Dolores A. Schamberger, Appellant, v. Otis R. Bowen, Secretary of Health and Human Services, Appellee, 809 F.2d 786 (4th Cir. 1987)

Annotate this Case
US Court of Appeals for the Fourth Circuit - 809 F.2d 786 (4th Cir. 1987) Submitted Nov. 6, 1986. Decided Jan. 13, 1987

(Robert F. Cohen, Jr.; Cohen, Abate & Cohen on brief) for appellant.

(Beverly Dennis, III, Chief Counsel, Region III, Office of General Counsel, Department of Health & Human Services; Charlotte Hardnett, Supervisory Assistant, Regional Counsel; Mark R. Schwartz, Assistant Regional Counsel; William A. Kolibash, United States Attorney; Betsy C. Steinfeld, Assistant United States Attorney on brief) for appellee.

N.D.W. Va.


Appeal from the United States District Court for the Northern District of West Virginia at Clarksburg. William M. Kidd, District Judge (C/A 82-0129-C(K)).

Before CHAPMAN and WILKINSON, Circuit Judges, and BOYLE, District Judge for the Eastern District of North Carolina, sitting by designation.


Dolores A. Schamberger appeals from the decision of the district court upholding a denial of her claim for Supplemental Security Income (SSI). Finding substantial evidence to support the Secretary's conclusion that Schamberger suffered no non-exertional impairment making the use of the medical-vocational guidelines (grids) appropriate, we affirm.

Schamberger filed her claim for SSI benefits on January 26, 1981, under Title XVI of the Social Security Act, 42 U.S.C. § 1381 et seq. After her claim was denied initially and again upon reconsideration, it was referred for a hearing before an Administrative Law Judge. At the hearing, Schamberger alleged disability as a consequence of chronic kidney problems, low back pain and angina pectoris coupled with anxiety and depression. The Administrative Law Judge found that Schamberger's emotional problems were not of sufficient severity to constitute a non-exertional impairment precluding application of the grids. Thus, in applying the grids, the Administrative Law Judge found that Schamberger was not disabled as defined under the Social Security Act. The Appeals Council denied Schamberger's request for review and she initiated this action in the district court contending that she had adequately demonstrated the existence of both physical and mental impairments.

On appeal to this court, Schamberger has conceded that there is substantial evidence to support the Secretary's finding that her physical impairments leave her with residual functional capacity to perform light work (Appellant's Brief at p. 12), but argues that she suffers a mental impairment. To establish the existence of a mental impairment, Schamberger relies primarily on the reports of Jim Murphy, a social worker at the Central District Mental Health Center, and Charles Chong, M.D., of the same facility. Mr. Murphy reported that Schamberger suffered from: (1) adjustment disorder with mixed emotional function; (2) dysthymic disorder (depressive neurosis); (3) parent-child problem; and (4) dependent personality traits. Dr. Chong indicated that Schamberger had an adjustment disorder with mixed emotional features such as histrionics. However, Dr. Chong reported that Schamberger's cognitive functions were intact.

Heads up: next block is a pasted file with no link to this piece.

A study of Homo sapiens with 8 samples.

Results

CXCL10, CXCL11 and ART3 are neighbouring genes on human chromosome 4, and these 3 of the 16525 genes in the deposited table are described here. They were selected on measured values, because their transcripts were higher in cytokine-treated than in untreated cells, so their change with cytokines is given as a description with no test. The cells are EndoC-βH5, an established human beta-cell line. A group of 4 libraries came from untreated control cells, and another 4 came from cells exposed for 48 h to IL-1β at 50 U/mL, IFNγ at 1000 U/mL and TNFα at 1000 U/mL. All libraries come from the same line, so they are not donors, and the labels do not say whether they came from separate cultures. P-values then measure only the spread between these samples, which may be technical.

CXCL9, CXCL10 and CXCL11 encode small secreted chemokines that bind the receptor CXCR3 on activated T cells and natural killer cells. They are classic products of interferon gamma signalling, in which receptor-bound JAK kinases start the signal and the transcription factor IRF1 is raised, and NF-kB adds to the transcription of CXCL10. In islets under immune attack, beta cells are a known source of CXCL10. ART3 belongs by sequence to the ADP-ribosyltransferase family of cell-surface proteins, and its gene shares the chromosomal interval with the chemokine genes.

There is no authority that requires the Secretary, in evaluating a claim for disability, to give additional weight to the report of a social worker. Further, there is no evidence to suggest that Dr. Chong saw Schamberger more than once. Therefore, neither of these reports document an expert judgment regarding Schamberger's alleged mental impairment based on a continuing observation of Schamberger's alleged condition over a long period of time. Mitchell v. Schweiker, 699 F.2d 185, 187 (4th Cir. 1983). Moreover, a mental status evaluation by James Henderson, M.D., revealed that Schamberger had moderate anxiety and depression, but showed no marked restriction of daily activities, constriction of interests, or seriously impaired ability to relate to other people.

Both the Secretary and the District Court adopted the Administrative Law Judge's finding which concluded that Schamberger's non-exertional ailments considered in conjunction with her physiological maladies did not preclude her from performing sedentary or non-exertional, light work. See e.g., Hicks v. Gardiner, 393 F.2d 299, 302 (4th Cir. 1968). While the medical findings establish that Schamberger suffers from a number of impairments, none of them considered individually, or in combined affect, meet or equal the threshold of impairment criteria listed in 20 C.F.R. Part 404, Subpart P, Appendix 1. The record contains no evidence of a single clinical finding by an examining physician that rises to the level of severity required in any one of the impairment listings. Further, there is no evidence to demonstrate that Schamberger's mental condition affects her residual capacity to perform work of which she is exertionally capable. As this court has previously stated:

This treatment of non-exertional conditions surely comports with the legislative intent underlying the enactment of grid regulations. We cannot believe that the grids are formulated to reflect the availabilty of jobs in the national economy only for physically impaired claimants with "entirely normal" emotional and psychological makeups. If the grids are to serve their intended purpose, we believe their use cannot be defeated by low-level personality and emotional disorders that undoubtably afflict--at least from time to time--vast numbers of the populous.

Smith v. Schweiker, 719 F.2d 723, 725 (4th Cir. 1984). Therefore, because of the absence of objective evidence to establish the existence of Schamberger's alleged mental impairment, the Secretary properly applied the grids to reach a conclusion of non-disability.